Live Review: Adventure Records Release Party at hi-dive

Goodbye Champion, John Common, Three Cheers Faraday, Kissing Party, the Swayback Friday, August 15 hi-dive Better than: Driving to Boulder to see Denver bands.

The producers at Adventure Records are shifting their focus. After four years of holding their annual CD release party in Boulder, the event’s organizers chose the hi-dive as the event’s forum for the Aug. 15 show. Judy Craddock, co-producer for the local label, said that the change from its traditional Boulder venue had everything to do with Denver’s budding local music scene and its growing pool of talent.

“I think the rock is happening is Denver – this is a golden time,” Craddock said. “We feel like it’s our job to highlight what’s going on in Colorado music.”

Goodbye Champion, John Common, Three Cheers Faraday, Kissing Party and The Swayback -- all featured on Adventure’s latest compilation, Cuvée5, provided the night’s soundtrack, while Adventure staff were on hand to speak to the label’s purpose.

“Most of the bands on the CD are from Denver. There is something going on here,” said Ken Kadonaga, chief music officer and president of Adventure. “The idea is to promote the arts.”

The sounds on display during Friday’s show like the disc boasts a wide variety of styles and directions. While the results tended to be a mixed bag in terms of innovation and dynamism, the show served its purpose as a platform for aspiring local bands. Adventure, which has served as a proving ground for successful locals like Devotchka and Ron Miles, touts itself in part as a stepping stone, a bridge toward major commercial success.

Goodbye Champion’s set offered open-ended chord structures and simplistic, driving melodies, a combination that lent for an ethereal, if monotonous sound. Three lead guitars, combined with the absence of bass player Garret Sayers, made for a tone-heavy set, one dominated by amorphous song structure and simplistic guitar solos. The sound supported the band’s lyrical approach, which pulled on vague accusation (“Your heart is heavy and your heart is dark) and generic relationship-speak (“It’s true I don’t blame you,” “I let you go, come back to me.”)

All in all, Champion was consistent, if a bit overly simplistic. Singer/songwriter John Common teamed with singer Jessica De Nicola Mefford adding another element to his basic and stark approach of the acoustic guitar. Common’s style relies on straightforward major and minor chord structures and alternatively soft and strident vocals, and De Nicola Mefford’s accompaniment managed to deepen the sound. On songs like “Dreamers” and “Love’s a Shark,” De Nicola Mefford’s supporting vocals alternated between soft repetitions of lyrics and indistinct harmonic backup. After the string-heavy sounds of Goodbye Champion, the effect was both minimalistic and soothing.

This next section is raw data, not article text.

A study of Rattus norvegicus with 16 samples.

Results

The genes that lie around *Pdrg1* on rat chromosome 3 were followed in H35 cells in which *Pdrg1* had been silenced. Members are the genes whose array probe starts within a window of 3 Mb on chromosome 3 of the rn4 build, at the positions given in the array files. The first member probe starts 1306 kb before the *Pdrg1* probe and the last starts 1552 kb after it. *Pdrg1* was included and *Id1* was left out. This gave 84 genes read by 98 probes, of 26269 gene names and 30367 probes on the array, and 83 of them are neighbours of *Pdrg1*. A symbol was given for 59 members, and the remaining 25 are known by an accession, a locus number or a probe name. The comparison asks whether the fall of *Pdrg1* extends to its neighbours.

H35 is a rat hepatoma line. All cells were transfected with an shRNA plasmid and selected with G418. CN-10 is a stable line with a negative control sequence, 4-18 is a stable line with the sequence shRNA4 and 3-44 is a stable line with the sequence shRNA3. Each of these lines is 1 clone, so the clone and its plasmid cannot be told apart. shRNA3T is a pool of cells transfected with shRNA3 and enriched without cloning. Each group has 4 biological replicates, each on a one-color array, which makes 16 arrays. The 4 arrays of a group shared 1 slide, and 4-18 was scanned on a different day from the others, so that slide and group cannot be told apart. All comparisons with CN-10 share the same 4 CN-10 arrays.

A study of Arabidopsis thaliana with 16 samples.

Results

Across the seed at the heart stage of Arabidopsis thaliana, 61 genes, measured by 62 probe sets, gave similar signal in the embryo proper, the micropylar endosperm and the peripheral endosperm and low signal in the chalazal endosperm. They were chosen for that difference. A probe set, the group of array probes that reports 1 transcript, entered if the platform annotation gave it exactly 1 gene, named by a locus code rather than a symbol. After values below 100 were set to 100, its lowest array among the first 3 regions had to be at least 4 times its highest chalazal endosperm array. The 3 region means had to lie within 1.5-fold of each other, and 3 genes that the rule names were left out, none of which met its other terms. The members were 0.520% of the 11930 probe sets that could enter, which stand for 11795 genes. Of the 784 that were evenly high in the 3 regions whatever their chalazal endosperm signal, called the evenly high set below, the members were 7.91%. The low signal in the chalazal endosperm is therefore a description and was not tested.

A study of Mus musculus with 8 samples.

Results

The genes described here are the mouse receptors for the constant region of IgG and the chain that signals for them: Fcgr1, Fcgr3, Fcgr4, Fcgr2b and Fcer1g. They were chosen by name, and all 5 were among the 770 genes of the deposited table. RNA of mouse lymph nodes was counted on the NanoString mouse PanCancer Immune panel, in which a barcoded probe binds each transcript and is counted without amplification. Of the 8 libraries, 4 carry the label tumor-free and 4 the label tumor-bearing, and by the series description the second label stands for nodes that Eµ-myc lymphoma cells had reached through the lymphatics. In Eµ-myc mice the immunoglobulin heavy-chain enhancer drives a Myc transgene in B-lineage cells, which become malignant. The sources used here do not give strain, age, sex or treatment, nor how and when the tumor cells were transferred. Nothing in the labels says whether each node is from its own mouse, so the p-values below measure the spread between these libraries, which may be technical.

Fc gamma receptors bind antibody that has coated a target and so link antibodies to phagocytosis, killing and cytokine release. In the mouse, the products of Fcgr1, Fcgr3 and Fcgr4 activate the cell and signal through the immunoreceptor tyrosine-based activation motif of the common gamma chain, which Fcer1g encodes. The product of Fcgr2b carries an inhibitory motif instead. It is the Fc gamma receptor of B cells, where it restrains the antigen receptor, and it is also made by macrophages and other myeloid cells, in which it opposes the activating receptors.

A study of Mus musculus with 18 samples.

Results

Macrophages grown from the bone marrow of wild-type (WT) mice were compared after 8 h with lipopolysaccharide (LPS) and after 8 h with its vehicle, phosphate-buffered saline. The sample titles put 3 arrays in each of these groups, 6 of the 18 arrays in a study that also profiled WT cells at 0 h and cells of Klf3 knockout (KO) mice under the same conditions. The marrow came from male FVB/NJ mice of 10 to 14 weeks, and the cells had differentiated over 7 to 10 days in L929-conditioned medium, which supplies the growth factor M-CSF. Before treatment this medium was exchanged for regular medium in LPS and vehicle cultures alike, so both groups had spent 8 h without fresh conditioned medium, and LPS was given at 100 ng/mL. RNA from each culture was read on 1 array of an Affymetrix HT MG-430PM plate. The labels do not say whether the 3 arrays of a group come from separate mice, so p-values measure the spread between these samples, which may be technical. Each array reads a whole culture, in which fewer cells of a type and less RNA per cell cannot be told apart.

Like Goodbye Champion, Three Cheers Faraday was missing a band member for the performance. Sans lead guitarist Jay Underwood, the trio offered a stark, speedy and succinct sound that at time recalled early Clash tunes, and at others summoned more modern parallels with bands like Gang of Four. Even with the missing lead guitar, the band pulled off songs like “The Waltz” with a well-honed alacrity. While the Boulder-based band was one of the few imports to Denver for the evening, the act’s enthusiasm and energy made it a seamless part of the lineup.

Kissing Party, with its unabashedly poppy song structures and its taste for quick, 4/4 tunes, added an easily digestible elements to the evening’s offerings. The band handed out brightly colored tambourines, encouraging the crowd to become a makeshift percussion session. While songs like “Jacey Finch” offered no virtuosic melodies and no stunt guitar, lead singer Deirdre Sage’s petulant vocals and the quintet’s underlying approachability made for an enjoyable set.

The Swayback closed the night out, combining elements from the progenitors of several genres, fusing proto-punk rhythmic cues with the dramatic, tenor-infused vocals of early metal and goth bands. Frontman Eric Halborg reveled in the sheer theatricality of the band’s wide array of sounds, donning a scraggly beard worthy of Greg Allman and playing up the tongue-in-cheek drama of the lyrics, as keyboardist Shawn Astrom deepened Martijn Bolster’s drums with a backup of Midi-induced percussion. The band’s talent at simple stage presence, combined with its unique blend of early rock musical textures, served as an appropriate ending for the evening’s broad palette.

Despite the occasional misses, the night’s entire performance, which ranged from simple acoustic lines to metal-inspired stage drama and yielded more than the sum of its parts.

Even more than spotlighting local talent, though, Kissing Party lead singer Deirdre Sage saw another benefit of the show’s variety and diversity. “It’s nice to have an album that’s contributing to something other than the vanity of the musicians,” Sage said.

-- Adam Goldstein

Critic’s Noteboook

Personal bias: A sampling of some of Adventure’s more well-known and accomplished acts like Ron Miles or TeamAWESOME would have made the evening more dynamic. Random Detail: The label has not given up their Boulder roots entirely – Adventure co-producer Judy Craddock hinted at a Boulder show with a lineup drawn from the latest compilation CD.